The American Job Creation Act of 2004 made significant changes in the allowable charitable deduction to donors from the donation of Intellectual Property to a charitable organization. These provisions, which affect donations received by the university after June 2004, allow the donor additional deductions for the net income that the intellectual property makes in the 10 years following donation. The donee is required to report to the donor and the Internal Revenue Service (IRS) the net income derived from the donated intellectual property each tax year.
The donor who contributes intellectual property must notify the donee in writing that they intend to treat the donation as a “qualified intellectual property contribution.” “Qualified intellectual property” includes patents, specific copyrights, trademarks, trade names, trade secrets, know-how, specific software or other similar intellectual property. The notice must contain the following information:
- The donor’s name, address and taxpayer identification number (TIN).
- A sufficiently detailed description of the qualified intellectual property.
- Date of contribution.
- A statement that the donor intends to treat the contribution as a qualified intellectual property contribution as per applicable Internal Revenue Code Sections.
The donor will be allowed an initial deduction of the lesser of the fair market value or the donor’s adjusted basis in that property. In the years following the initial donation, the donor will be entitled to deduct an applicable percentage ranging from 100% to 10% of net income the donee receives from the intellectual property. The term of this additional deduction is limited to the lesser of 10 years from the date of the contribution or the legal life of the donated property. The amount of this additional deduction is limited to the cumulative excess of the donee’s earnings during the 10 year period over the initial contribution deduction.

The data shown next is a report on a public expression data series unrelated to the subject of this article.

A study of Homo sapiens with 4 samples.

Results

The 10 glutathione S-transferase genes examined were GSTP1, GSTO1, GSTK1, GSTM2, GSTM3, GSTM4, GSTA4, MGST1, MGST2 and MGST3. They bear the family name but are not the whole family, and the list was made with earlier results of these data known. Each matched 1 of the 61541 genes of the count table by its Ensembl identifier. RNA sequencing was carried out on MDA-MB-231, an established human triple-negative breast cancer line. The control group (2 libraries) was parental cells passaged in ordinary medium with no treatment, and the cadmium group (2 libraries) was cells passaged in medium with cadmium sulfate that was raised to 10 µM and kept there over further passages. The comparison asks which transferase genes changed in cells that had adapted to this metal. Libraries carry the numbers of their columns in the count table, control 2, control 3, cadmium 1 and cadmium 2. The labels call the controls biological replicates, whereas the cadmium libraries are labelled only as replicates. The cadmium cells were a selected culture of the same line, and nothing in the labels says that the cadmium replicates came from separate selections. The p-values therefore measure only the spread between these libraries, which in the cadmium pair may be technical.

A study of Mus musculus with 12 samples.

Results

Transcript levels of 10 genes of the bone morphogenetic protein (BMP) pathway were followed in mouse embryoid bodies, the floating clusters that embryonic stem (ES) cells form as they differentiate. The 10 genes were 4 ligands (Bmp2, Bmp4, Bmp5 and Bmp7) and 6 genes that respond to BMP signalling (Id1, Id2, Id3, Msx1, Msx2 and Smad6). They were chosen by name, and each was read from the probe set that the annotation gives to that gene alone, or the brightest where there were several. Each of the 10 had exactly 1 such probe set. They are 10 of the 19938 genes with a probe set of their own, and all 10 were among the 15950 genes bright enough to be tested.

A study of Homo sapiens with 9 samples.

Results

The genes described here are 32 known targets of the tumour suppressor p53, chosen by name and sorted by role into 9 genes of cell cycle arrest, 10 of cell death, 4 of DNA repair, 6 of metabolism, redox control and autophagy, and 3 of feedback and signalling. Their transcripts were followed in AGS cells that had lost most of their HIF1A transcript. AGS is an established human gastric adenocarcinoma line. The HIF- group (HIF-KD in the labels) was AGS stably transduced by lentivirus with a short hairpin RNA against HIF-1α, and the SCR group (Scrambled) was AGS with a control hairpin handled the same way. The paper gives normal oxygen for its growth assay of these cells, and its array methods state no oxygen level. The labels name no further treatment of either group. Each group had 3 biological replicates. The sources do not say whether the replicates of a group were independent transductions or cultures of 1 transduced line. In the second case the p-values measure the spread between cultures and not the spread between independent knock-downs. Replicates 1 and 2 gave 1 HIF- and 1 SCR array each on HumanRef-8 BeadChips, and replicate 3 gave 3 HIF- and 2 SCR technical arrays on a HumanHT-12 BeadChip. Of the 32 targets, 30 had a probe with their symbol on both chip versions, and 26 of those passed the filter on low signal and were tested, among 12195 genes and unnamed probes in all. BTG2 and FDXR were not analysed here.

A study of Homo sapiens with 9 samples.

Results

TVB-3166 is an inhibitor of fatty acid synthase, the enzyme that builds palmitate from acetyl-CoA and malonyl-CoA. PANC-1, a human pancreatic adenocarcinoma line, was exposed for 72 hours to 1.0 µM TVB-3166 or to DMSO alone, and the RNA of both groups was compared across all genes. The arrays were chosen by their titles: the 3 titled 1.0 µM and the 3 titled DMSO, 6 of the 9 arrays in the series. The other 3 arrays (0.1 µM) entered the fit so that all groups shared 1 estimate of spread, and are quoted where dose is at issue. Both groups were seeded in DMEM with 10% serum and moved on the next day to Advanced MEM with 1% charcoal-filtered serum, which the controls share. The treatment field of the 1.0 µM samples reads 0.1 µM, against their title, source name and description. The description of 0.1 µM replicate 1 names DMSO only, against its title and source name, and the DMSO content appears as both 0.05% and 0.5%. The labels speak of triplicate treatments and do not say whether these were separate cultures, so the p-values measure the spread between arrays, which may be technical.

As the donee, the university is required to report to the IRS and the donor annually for the 10 year period following the initial gift. The report must be made by the 30th day of the month following the closing of the donee’s tax year. This acknowledgement form (IRS Form 8899) requires the following information:
- The name, address and TIN of the donor.
- Description of the qualified intellectual property contributed.
- Date of the contribution.
- Amount of donee net income for the taxable year which is properly allocated to the qualified intellectual property for any portion of the 10 year period from the date of the contribution. The determination of the net income will be the responsibility of the department using/licensing the technology.
- Other information specified by the form or its instructions.
While we believe that there are few gifts of intellectual property made to the university, it is important that the Tax Department be advised of any such gifts. The Tax Department must also be advised of the information required for the acknowledgement form as noted above. Please forward the information to Joseph McGarry at joe_mcGarry@wustl.edu or Campus Box 1034.